What are the procedural steps for evicting a tenant in the state of Arizona? This is a short and seemingly simple question; the answer is very long and involves many steps. First, you must know what you can and cannot do. Second, you must decide which notice is appropriate to your circumstances and serve it upon the tenant. Third, you must select the proper Maricopa County court. Finally, you must file and prosecute the special Special Detainer action. If you have never been through the entire process of evicting a tenant, you should consult with your attorney. For those who have been through the process a few times and who feel confident they can proceed without an attorney, the following information should see you through each and every step.
What Can’t I do to Evict a Tenant In Arizona
To keep you out of trouble, we begin with what you cannot do to evict a tenant. You cannot:
- Refuse to supply heat, air-conditioning, cooling, water, hot water or essential services.
- Lock the tenant out of the rental unit or otherwise exclude him/her from the property.
- Turn off the power or disconnect other utility services until the day following execution of the writ of restitution. Disconnection of power and/or utility services may only be performed by a person authorized by the utility to perform that function.
- Hold or seize the tenant’s personal property to pay for rent or other amounts due.
- Raise rent, decrease available services, evict a tenant or threaten to evict a tenant in retaliation of complaints made by the tenant to the landlord or to governmental agencies (i.e., reporting a housing code violation to the appropriate authority).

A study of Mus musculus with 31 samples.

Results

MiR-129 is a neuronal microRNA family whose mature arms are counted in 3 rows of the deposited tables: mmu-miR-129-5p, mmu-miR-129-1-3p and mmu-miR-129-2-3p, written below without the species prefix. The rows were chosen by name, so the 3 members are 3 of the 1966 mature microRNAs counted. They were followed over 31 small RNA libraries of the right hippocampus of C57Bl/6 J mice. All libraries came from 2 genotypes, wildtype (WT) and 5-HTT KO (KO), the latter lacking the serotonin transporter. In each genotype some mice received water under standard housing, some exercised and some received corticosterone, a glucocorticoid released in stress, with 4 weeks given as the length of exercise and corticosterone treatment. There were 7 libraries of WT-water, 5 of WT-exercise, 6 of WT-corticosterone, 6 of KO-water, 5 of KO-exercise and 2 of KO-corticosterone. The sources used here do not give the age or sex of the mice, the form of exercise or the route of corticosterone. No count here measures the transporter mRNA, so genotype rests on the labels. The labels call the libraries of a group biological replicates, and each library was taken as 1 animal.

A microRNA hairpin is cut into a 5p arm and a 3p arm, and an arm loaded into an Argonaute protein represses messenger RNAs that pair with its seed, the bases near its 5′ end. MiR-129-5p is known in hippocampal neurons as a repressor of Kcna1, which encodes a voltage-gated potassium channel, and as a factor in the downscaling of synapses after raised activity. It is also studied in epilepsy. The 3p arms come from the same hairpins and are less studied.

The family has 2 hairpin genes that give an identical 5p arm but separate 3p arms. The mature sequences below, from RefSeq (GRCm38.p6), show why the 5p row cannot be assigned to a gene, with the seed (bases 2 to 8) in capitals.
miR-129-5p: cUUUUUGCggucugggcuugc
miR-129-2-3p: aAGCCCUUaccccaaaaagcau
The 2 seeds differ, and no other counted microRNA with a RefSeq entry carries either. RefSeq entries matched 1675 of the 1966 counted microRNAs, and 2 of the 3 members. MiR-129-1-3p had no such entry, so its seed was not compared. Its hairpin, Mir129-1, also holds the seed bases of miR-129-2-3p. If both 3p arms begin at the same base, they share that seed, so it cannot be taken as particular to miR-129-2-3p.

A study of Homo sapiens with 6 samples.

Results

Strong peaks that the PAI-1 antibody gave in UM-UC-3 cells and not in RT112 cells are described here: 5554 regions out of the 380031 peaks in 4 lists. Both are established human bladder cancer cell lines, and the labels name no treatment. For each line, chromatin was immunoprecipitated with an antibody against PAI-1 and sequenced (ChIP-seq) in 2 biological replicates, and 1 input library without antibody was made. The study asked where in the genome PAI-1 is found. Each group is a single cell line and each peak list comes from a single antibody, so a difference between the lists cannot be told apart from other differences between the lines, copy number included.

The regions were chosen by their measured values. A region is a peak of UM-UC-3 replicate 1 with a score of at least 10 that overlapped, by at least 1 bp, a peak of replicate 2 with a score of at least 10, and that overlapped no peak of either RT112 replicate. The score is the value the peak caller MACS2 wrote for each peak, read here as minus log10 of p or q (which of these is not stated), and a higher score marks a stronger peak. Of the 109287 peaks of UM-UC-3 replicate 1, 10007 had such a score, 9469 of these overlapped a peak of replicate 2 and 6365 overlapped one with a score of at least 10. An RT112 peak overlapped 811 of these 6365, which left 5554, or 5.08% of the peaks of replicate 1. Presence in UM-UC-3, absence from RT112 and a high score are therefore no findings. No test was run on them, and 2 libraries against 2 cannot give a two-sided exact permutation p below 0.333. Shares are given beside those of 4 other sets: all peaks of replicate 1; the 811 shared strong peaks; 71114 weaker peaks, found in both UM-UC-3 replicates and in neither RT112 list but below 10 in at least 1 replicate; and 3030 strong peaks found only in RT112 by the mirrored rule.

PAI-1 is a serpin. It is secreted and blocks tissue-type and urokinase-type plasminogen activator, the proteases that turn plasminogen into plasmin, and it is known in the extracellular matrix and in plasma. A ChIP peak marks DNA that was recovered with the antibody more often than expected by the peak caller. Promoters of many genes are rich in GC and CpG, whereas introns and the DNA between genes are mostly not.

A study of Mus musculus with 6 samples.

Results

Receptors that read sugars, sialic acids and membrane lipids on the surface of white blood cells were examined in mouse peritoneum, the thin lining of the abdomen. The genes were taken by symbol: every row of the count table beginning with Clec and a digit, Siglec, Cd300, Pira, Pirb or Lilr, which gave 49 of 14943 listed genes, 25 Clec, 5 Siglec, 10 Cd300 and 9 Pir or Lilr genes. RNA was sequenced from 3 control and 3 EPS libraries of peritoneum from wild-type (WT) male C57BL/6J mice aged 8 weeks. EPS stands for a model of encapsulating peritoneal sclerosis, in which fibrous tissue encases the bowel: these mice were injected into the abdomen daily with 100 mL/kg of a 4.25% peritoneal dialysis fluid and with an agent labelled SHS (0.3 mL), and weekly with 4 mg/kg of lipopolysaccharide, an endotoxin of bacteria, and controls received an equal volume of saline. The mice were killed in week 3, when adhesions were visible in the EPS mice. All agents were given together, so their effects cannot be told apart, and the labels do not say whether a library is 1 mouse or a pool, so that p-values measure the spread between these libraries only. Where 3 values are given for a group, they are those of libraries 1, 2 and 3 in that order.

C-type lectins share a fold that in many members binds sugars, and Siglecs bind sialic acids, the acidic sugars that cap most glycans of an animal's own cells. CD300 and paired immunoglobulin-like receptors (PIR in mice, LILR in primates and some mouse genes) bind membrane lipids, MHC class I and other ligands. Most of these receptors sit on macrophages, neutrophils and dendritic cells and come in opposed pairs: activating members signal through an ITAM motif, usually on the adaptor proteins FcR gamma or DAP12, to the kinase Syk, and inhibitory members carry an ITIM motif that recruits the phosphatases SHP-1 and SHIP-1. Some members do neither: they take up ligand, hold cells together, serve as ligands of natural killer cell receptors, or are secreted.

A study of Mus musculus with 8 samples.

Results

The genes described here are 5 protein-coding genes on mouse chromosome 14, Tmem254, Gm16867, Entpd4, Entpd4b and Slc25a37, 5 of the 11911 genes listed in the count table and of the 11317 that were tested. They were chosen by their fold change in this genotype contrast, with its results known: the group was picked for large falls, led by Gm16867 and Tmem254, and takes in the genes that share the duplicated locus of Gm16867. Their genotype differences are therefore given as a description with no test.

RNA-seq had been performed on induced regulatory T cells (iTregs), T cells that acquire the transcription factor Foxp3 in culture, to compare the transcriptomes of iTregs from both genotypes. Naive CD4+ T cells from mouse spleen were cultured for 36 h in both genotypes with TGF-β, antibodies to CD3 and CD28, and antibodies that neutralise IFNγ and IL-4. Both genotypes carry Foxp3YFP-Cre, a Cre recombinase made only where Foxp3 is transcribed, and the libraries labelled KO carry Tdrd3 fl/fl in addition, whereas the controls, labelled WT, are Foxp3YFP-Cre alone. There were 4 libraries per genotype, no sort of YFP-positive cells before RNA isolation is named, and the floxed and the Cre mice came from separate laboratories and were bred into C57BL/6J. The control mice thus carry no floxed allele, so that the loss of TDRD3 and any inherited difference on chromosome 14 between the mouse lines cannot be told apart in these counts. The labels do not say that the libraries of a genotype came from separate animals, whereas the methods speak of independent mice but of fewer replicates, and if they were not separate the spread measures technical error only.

Under the act, once you reach the point where you are thinking about evicting a tenant, you have only two options: you may continue to work with the tenant to try to reach some mutually acceptable solution or you must file an action for possession of the leased premises. An action for possession under the act is called a “Special Detainer” action. A special detainer action is the legal process whereby the landlord obtains a Writ of Restitution, which grants the landlord the right to possession of the leased premises and also decrees that the tenant no longer has any possessory interest in the leased premises. Ultimately, the Writ is served and executed by the Sheriff or Constable, forcibly removing the tenant from the leased premises.
What notice must I prepare?
Okay, there has been some type of non-compliance with the rental agreement by the tenant. You have tried to work with the tenant but to no avail. You resign yourself to the fact that you must evict this tenant via judicial process. The first step is to serve the tenant with a written notice. The notice informs the tenant of the reason for the eviction and, if appropriate, gives the tenant an opportunity to cure the problem, thereby avoiding eviction.
“What type of notice must I provide?” The answer depends on the nature of the tenant’s non-compliance. Under the ACT, a landlord may Institute a special detainer action against a tenant when there has been a non-compliance with the rental agreement by the tenant. Non-compliance falls into three categories: (a) material noncompliance; (b) noncompliance materially affecting health and safety; and (c) material and irreparable breach. Non-payment of rent is obviously material non-compliance with the rental agreement, but the ACT provides a special procedure for this type of non-compliance.
Which category your situation falls into is very important because it determines whether or not you must give your tenant an opportunity to cure the noncompliance and, if so, how much time you must give your tenant to cure the noncompliance before you terminate the rental agreement.